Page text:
September 25, 2018

Author Kathryn Smith, a former Aiken Standard reporter, brought to life Sunday a woman who had a significant influence on President Franklin Delano Roosevelt and his political career in the early 20th century.

Smith is the author of “The Gatekeeper: Missy LeHand, FDR, and the Untold Story of the Partnership That Defined a Presidency.”

Dressed in a period print dress, classic pearls, vintage hat and spectator pumps, Smith told of the story of Marguerite Alice LeHand, known as Missy, who was Roosevelt’s personal secretary for more than 20 years, including almost a decade in the White House. Smith, adding detail to her nostalgic look with a charm bracelet on her wrist, one of LeHand’s signature fashion items, spoke at the Aiken County Museum at a presentation sponsored by the Friends of the Museum.

During the first half of her presentation, Smith spoke in character as LeHand, taking on a New England accent of Massachusetts, where LeHand’s family, Irish immigrants, moved when she was a young child.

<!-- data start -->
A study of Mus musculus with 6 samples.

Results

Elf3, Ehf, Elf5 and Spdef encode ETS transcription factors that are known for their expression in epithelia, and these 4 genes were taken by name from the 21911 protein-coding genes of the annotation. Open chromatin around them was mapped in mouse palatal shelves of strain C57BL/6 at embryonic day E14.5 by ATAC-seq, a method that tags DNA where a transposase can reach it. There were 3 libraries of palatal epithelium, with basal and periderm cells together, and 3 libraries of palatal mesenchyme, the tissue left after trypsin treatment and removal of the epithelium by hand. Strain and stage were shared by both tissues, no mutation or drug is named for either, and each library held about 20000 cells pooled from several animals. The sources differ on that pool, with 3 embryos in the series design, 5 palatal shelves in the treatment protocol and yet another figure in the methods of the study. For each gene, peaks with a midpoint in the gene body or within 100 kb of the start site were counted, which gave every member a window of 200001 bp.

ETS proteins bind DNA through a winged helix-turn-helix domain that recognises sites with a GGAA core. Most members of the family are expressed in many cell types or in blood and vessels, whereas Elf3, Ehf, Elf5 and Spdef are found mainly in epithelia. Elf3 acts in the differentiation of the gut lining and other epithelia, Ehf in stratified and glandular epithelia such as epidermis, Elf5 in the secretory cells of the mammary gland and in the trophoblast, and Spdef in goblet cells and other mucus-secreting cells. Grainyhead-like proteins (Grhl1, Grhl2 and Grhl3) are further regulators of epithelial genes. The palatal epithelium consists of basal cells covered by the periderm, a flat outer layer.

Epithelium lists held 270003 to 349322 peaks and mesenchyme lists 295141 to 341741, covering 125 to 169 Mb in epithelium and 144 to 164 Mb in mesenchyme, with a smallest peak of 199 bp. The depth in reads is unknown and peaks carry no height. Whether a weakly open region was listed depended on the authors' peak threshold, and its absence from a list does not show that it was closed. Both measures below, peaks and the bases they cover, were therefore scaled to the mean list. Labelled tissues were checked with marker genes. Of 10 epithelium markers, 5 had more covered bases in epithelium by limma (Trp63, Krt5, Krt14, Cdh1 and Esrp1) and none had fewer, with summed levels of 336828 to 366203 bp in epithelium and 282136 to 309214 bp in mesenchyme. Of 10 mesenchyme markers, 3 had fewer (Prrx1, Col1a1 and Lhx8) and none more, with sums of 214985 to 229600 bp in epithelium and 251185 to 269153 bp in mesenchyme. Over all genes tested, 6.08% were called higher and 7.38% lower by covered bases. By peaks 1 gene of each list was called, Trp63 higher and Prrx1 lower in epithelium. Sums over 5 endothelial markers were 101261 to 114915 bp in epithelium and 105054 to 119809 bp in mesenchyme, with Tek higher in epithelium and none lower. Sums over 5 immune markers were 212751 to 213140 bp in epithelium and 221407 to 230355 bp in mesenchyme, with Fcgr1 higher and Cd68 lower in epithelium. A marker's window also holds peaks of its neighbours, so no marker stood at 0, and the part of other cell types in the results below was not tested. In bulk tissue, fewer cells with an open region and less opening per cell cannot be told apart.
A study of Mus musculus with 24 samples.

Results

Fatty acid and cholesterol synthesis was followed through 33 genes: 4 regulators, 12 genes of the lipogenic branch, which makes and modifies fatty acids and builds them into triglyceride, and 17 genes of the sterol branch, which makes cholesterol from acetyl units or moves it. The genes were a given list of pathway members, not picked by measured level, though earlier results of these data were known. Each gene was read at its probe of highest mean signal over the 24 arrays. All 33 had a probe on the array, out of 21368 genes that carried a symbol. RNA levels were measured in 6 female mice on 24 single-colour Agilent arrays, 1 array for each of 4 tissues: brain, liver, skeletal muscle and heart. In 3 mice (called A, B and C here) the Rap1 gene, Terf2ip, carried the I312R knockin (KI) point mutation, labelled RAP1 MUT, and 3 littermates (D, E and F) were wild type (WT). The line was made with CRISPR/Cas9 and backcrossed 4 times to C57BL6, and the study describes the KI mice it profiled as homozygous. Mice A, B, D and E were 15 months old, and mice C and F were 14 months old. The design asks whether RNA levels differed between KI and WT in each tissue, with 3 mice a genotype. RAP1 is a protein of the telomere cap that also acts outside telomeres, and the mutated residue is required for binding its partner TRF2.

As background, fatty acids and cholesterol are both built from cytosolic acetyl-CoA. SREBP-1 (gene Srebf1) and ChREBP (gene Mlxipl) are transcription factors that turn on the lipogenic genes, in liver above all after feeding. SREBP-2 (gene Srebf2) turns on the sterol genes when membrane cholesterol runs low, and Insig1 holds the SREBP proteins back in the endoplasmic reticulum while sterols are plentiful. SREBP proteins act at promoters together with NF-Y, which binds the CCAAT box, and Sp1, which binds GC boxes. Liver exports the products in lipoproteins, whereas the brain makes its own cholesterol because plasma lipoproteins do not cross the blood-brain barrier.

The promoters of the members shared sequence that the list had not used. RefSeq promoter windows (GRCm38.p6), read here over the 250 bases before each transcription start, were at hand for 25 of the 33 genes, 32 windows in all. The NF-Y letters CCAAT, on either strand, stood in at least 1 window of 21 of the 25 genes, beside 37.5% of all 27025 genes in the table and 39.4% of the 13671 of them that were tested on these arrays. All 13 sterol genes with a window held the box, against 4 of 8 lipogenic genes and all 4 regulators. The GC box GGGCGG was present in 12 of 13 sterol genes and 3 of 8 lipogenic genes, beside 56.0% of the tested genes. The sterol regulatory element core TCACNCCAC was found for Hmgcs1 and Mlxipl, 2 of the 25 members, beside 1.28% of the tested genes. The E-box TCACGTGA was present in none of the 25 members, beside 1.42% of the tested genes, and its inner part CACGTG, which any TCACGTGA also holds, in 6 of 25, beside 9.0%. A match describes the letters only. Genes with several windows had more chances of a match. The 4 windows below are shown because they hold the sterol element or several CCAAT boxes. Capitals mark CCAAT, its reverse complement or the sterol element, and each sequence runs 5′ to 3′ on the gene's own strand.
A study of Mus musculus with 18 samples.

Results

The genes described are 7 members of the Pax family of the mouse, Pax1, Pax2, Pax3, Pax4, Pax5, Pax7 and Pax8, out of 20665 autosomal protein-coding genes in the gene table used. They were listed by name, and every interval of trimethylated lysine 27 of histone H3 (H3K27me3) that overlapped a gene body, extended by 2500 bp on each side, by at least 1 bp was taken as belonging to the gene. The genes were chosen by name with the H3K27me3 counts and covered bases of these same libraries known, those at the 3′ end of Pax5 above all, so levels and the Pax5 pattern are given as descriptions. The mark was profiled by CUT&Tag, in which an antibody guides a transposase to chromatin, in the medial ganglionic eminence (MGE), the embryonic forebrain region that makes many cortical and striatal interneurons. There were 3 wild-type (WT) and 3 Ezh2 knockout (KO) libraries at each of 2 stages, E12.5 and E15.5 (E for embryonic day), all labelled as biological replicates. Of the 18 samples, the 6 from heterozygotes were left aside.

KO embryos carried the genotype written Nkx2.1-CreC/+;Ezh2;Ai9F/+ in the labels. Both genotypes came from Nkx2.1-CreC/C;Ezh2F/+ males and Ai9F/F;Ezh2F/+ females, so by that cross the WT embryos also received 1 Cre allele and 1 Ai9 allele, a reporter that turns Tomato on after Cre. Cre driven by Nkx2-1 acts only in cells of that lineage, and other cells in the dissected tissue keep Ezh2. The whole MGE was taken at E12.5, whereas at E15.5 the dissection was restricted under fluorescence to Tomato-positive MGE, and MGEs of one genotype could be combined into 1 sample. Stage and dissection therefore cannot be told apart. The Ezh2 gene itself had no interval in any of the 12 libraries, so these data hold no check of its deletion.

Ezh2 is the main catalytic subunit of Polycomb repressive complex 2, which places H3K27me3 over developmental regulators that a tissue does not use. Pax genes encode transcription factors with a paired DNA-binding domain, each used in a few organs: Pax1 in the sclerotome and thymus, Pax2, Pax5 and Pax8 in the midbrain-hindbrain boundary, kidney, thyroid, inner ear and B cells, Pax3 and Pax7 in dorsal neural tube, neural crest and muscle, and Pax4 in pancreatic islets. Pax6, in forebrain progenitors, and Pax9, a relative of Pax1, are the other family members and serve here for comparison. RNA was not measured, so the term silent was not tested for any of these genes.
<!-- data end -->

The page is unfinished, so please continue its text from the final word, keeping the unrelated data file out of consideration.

As LeHand, Smith offered insights – often humorous – into Democratic and Republican politics from the 1920s to the 1940s, adding a few contemporary asides. South Carolina voted solidly Democratic in the 1932 presidential election, and Roosevelt won the state by a landslide with 98 percent of vote, the most of any state.

About halfway through the presentation, Smith took off her hat, let her hair down and spoke as herself, talking about LeHand’s role and influence in the White House as Roosevelt’s confidante, second hostess when Eleanor Roosevelt was away, policy advisor and friend.

After the presentation, Smith answered questions about Roosevelt’s relationship with the Supreme Court; LeHand’s role as what has been called the first chief of staff long before the position was created officially; and Roosevelt’s relationship with Lucy Mercer Rutherfurd, an Aiken Winter Colony resident.

Rutherfurd was with Roosevelt in Warm Springs, Georgia, when he died in April 1945 but rushed back to Aiken before Eleanor Roosevelt arrived later.

Smith, with author Kelly Durham, has expanded LeHand’s story into a mystery series of fictional detective novels, “Shirley Temple Is Missing” and “The President’s Birthday Ball Affair.”

Smith, who lives in Anderson, has given more than 150 talks about LeHand and Roosevelt at venues including the FDR Library and Museum in Hyde Park, New York; the Little White House in Warm Springs, Georgia; and the Jimmy Carter Presidential Library in Atlanta.

In addition to her journalism career, Smith has been a nonprofit executive director, ghost writer, community theater manager and working mother.